In the developed world, issues that animated the fight for women's equality seem resolved. Nevertheless, high-profile feminist campaigns gather pace. The Everyday Sexism Project catalogues sexist instances, such as cat calls and unwanted compliments, to uncover misogynistic abuse. Is this a necessary corrective to complacency, or does the focus on minor, often trivial, offences indicate the battle is mostly won? Meanwhile, #NoToPage3 and #losetheladsmags seek to police news-stands and feminist tweeters celebrate the jailing of trolls. How did a fight for freedom become a demand for censorship? Or is that assessment unfair? Might the falling rates of rape convictions or the pornification of music videos show feminism is still necessary and urgent? What role does it have today?
Kate Figes is the author of six books of non fiction - Because of Her Sex, Life After Birth, The Terrible Teens, The Big Fat Bitch Book, Couples and most recently Our Cheating Hearts.
She has also written two novels. She is an established journalist writing for the Guardian, The Times and Telegraph and is books editor of YOU Magazine at the Mail on Sunday. She is also a practising family mediator.
Claire Fox is the director of the Institute of Ideas (IoI), which she established to create a public space where ideas can be contested without constraint. Claire initiated the IoI while co-publisher of the controversial and ground-breaking current affairs journal LM magazine (formerly Living Marxism). The IoI has since worked with a variety of prestigious institutions in Britain and abroad. Claire convenes the IoI's flagship event, the yearly Battle of Ideas festival, which takes place in London in October. The IoI has also established the prestigious Debating Matters competition for sixth form students in the UK and India under Claire's direction.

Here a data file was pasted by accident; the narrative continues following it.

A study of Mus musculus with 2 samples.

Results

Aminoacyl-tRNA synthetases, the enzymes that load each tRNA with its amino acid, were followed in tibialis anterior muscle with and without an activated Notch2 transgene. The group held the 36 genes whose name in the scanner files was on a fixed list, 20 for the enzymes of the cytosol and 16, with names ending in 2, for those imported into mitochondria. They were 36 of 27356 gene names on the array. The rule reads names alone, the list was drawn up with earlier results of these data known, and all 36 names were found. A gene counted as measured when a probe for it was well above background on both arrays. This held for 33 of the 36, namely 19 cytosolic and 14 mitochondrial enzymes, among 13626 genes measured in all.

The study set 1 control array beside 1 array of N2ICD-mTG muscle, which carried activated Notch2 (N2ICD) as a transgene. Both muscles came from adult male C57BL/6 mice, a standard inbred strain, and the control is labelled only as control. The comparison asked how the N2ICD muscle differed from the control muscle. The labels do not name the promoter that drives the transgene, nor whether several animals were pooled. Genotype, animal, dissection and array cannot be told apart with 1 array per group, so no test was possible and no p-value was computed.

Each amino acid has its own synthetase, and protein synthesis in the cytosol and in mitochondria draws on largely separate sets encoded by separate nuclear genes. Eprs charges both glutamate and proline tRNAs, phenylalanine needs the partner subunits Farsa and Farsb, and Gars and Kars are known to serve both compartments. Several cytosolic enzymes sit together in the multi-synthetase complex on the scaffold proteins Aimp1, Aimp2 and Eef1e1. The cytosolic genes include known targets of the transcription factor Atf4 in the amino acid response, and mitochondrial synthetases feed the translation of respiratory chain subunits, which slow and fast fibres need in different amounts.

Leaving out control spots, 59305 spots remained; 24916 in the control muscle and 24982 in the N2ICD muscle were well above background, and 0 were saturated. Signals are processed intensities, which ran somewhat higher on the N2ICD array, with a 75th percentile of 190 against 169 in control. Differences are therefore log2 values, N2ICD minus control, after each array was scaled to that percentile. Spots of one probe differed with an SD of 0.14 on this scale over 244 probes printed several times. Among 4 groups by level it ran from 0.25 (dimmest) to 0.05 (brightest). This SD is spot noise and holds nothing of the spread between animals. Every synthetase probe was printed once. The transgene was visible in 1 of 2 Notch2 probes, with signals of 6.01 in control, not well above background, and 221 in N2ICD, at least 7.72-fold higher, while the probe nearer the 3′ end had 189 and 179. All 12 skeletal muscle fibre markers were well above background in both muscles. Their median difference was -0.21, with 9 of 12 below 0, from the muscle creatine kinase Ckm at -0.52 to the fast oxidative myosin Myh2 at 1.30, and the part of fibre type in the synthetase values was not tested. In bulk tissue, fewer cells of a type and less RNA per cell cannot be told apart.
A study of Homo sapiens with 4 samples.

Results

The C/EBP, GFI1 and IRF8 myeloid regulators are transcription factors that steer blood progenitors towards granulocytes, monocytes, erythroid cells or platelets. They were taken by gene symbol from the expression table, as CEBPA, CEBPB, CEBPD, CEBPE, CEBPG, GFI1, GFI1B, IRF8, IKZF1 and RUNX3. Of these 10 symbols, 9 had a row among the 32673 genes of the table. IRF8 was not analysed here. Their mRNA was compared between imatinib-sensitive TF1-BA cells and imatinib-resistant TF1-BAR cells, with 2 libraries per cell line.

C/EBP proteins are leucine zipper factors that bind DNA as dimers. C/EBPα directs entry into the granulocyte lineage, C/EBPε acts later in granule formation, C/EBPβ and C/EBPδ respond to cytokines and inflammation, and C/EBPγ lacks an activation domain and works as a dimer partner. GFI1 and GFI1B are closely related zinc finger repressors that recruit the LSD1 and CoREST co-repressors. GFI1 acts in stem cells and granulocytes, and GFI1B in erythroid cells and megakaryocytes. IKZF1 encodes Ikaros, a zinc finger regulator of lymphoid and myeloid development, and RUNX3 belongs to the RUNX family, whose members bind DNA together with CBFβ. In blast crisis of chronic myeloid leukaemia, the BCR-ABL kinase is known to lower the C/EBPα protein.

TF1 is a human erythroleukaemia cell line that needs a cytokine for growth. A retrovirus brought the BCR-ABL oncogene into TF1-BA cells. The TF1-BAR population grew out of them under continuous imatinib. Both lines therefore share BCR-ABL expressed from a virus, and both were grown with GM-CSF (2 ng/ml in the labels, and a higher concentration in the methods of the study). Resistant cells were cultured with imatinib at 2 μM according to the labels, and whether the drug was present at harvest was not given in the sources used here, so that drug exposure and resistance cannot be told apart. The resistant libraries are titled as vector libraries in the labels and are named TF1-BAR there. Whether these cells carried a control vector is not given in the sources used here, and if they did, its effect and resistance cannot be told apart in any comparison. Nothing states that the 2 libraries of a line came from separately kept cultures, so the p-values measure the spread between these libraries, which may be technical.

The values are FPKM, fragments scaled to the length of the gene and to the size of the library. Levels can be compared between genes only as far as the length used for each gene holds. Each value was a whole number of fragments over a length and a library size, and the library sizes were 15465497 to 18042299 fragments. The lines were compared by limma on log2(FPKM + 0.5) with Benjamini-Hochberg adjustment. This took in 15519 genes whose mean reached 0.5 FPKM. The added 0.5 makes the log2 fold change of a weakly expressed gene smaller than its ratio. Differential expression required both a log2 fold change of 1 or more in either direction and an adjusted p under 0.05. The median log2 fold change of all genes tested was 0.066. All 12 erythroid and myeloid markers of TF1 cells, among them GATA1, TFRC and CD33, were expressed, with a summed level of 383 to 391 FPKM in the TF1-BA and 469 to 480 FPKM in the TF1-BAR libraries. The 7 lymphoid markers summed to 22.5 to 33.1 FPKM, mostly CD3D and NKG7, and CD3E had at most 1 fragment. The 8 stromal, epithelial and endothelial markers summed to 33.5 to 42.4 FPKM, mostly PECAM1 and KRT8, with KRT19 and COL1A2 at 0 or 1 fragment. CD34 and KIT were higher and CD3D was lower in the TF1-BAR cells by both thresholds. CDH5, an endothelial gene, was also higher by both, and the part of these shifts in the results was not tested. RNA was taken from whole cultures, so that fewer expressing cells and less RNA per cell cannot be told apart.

Claire is a panellist on BBC Radio 4's The Moral Maze and is regularly invited to comment on developments in culture, education, politics and the arts across the whole range of media outlets: such as BBC Question Time, BBC Any Questions?, SkyNews Review, and BBC Breakfast. Claire writes regularly for national newspapers and a range of specialist journals. She has a monthly column in the MJ (municipal journal) and presented 'Claire Fox News' on the internet TV channel '18 Doughty Street'.
Claire is a Member of the European Cultural Parliament and sits on the Advisory Board of the Economic Policy Centre.
Claire previously worked as a mental health social worker and as a lecturer in English literature. She was a judge on the panel for the Orange Prize for Fiction 2006 (download her speech given to the 2006 Orange Prize Libraries Seminar) and features in the 'Who's Who' almanac 2007. Claire was number 64 in Time Out's 2006 London Movers and Shakers list, and was named the capital's No.3 activist. Claire also features in the Telegraph's list of Britain's 100 most influential people on the Left.
Claire has a particular interest in education and social issues such as crime and mental health. She opposes 'youth voice' initiatives as patronising and an abdication of adult responsibility, is an advocate of a liberal arts and academic curriculum for all school pupils, and is a fierce opponent of the politicisation of and interference into the curriculum for social or policy ends.
She is highly critical of authoritarian developments such as New Labour's 'antisocial behaviour orders', any form of restriction on free speech, the erosion of civil liberties and attempts to manage and 'nudge' the public's behaviour. She is also a passionate supporter of the arts, and strongly believes that they should be valued for their own sake rather than as instrumental means to social ends. Claire wrote No strings attached! Why Arts Funding should say no to instrumentalism for Arts & Business (4 July 2007) to lay out her opposition to instrumentalism in ther arts.
Ann Furedi has been CEO of British Pregnancy Advisory Service since 2003. Before then she was Director of Policy & Press for the Human Fertilisation and Embryology Authority, the UK's regulator of embryo research and assisted conception. Bpas specialises in later abortions and provides almost 70% of all those that take place in Britain. Furedi has written extensively in defence of women's autonomy of reproductive choice.
She is a board member of the American research charity, IBIS Reproductive Health and vice chair of the Governing Body for Mid Kent FE College.
Kate Maltby writes regularly for the Telegraph about ethics, domestic and international politics, and culture. She also reviews theatre regularly for the Spectator.
She is an Associate Fellow of the liberal Conservative think tank, Bright Blue and has frequently informally advised government ministers. She trained as a classicist at Oxford and Yale, and is completing a PhD at University College London on the intellectual life of Elizabeth I and early modern women translators.